With her skinny jeans, Converse sneakers and disheveled platinum blonde hair, Micky Green seems more suited to trawling vintage markets than shopping on Rue Cambon.

Nevertheless, the budding songstress was the toast of the most recent Paris Fashion Week, even making an appearance at the Chanel show and posing for photographers flanked by Karl Lagerfeld and Kanye West. “It was totally surreal,” she recalls in her singsong Australian accent. “I was squeezed between the two for the photo, so I said to Karl, ‘The master in the middle,’ and he replied, ‘Oh no, the blonde.’”

Green’s sultry, soulful debut album, released in Paris in August and titled White T-shirt, belies a youth spent in sunny Down Under. Her melodies, which are punctuated with moody humming, snapping and clapping, suggest hours spent in gin joints or in the scarcely furnished and unheated apartment where she now lives in Paris. The well-received recording catapulted her into front-row status at fashion shows, and Vanessa Bruno invited her to croon at her runway presentation.

But Green, aka Michaela Gehrmann, is not letting her surging popularity go to her head. “Honestly, [Lagerfeld] didn’t know who I was—all blondes look alike, you know,” she demurs.

Green’s ease around the runway is no doubt thanks to her fashion background. Since age 17, when she was spotted by a scout in Sydney, she’s been hopping from Milan to Paris to New York for modeling jobs. “Every job I did is somehow linked to the present. I used to work in a record store in Sydney,” she recalls. “I’m still trying to figure out how my summer job at the McDonald’s drive-through will resurface.”

While Paris may be her adopted city, the 23-year-old Green says she’ll always be an Aussie at heart. (Her album will be put out by Universal Music Australia next year.) Meanwhile, a hectic schedule is keeping her in the northern hemisphere. After a concert at Paris’ Nouveau Casino in early December, she’ll go on tour throughout the country. “I’ve called in my sister, Anneke, to be my back-up vocalist, and she’s also going to make costumes for the tour,” Green adds, noting her sister recently graduated from design school.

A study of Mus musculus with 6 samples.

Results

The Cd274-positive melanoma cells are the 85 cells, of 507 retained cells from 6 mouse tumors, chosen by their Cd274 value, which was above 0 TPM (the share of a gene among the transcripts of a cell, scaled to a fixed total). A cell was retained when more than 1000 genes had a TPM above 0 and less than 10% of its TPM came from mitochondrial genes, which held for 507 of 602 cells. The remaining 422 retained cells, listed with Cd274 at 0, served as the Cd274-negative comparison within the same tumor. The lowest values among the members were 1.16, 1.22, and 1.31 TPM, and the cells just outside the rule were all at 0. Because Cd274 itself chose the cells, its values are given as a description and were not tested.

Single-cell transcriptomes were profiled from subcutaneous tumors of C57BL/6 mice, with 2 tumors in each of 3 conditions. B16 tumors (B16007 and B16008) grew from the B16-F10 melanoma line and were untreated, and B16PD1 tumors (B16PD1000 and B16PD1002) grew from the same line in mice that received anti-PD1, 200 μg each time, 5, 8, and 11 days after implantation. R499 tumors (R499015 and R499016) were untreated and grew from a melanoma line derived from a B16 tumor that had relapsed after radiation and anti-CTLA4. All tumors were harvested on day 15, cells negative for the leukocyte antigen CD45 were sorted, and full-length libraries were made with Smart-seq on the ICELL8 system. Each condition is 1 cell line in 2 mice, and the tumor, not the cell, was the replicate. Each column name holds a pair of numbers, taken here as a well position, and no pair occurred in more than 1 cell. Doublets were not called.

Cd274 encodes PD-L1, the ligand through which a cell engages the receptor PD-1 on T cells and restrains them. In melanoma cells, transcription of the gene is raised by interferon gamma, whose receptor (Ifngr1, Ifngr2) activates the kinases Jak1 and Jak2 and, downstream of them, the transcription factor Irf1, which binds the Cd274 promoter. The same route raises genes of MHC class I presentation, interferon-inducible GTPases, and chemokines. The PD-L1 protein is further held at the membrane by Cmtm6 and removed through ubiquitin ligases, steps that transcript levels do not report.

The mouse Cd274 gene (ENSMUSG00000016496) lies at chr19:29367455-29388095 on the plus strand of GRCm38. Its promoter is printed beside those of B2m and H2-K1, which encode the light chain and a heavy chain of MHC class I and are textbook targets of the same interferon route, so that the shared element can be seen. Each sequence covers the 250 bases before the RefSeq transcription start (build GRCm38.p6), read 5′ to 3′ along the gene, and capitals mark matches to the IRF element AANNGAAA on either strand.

These days, Green relies on a coveted collection of vintage pieces by designers such as Marc Jacobs and Chloé to stock her wardrobe. “I love wearing dresses—it puts me into a special mood—[but] I’m not the biggest fashion diva,” she says while pulling Roxy, her chocolate-colored Labrador, under the table by a studded turquoise leash. “I’m more whimsical. I could mix vintage YSL with a skater look, but I’m not like Avril Lavigne—I’m not into the fishnet tights and the combat boots.”

While Green’s statuesque Nordic looks and abundant sex appeal could have won her a place in the pop tart ranks, her soulful tunes and self-penned lyrics have been winning accolades from the music scene here. In fact, she’s written so many songs, Green believes she has enough for a second album, which she hopes to release next year. “I’d like to call it Sergeant Major Blonde,” she says, citing George Michael and The Beatles as among her musical inspirations.

At a pivotal point in her career, Green, who occasionally still poses for campaigns such as Diesel and French Connection, says she’s focusing on her music. “Modeling is too hard unless you’re Gisele,” she says, joking: “I’m working very hard on my music career—unless Karl Lagerfeld decides he wants to feature me in a campaign.”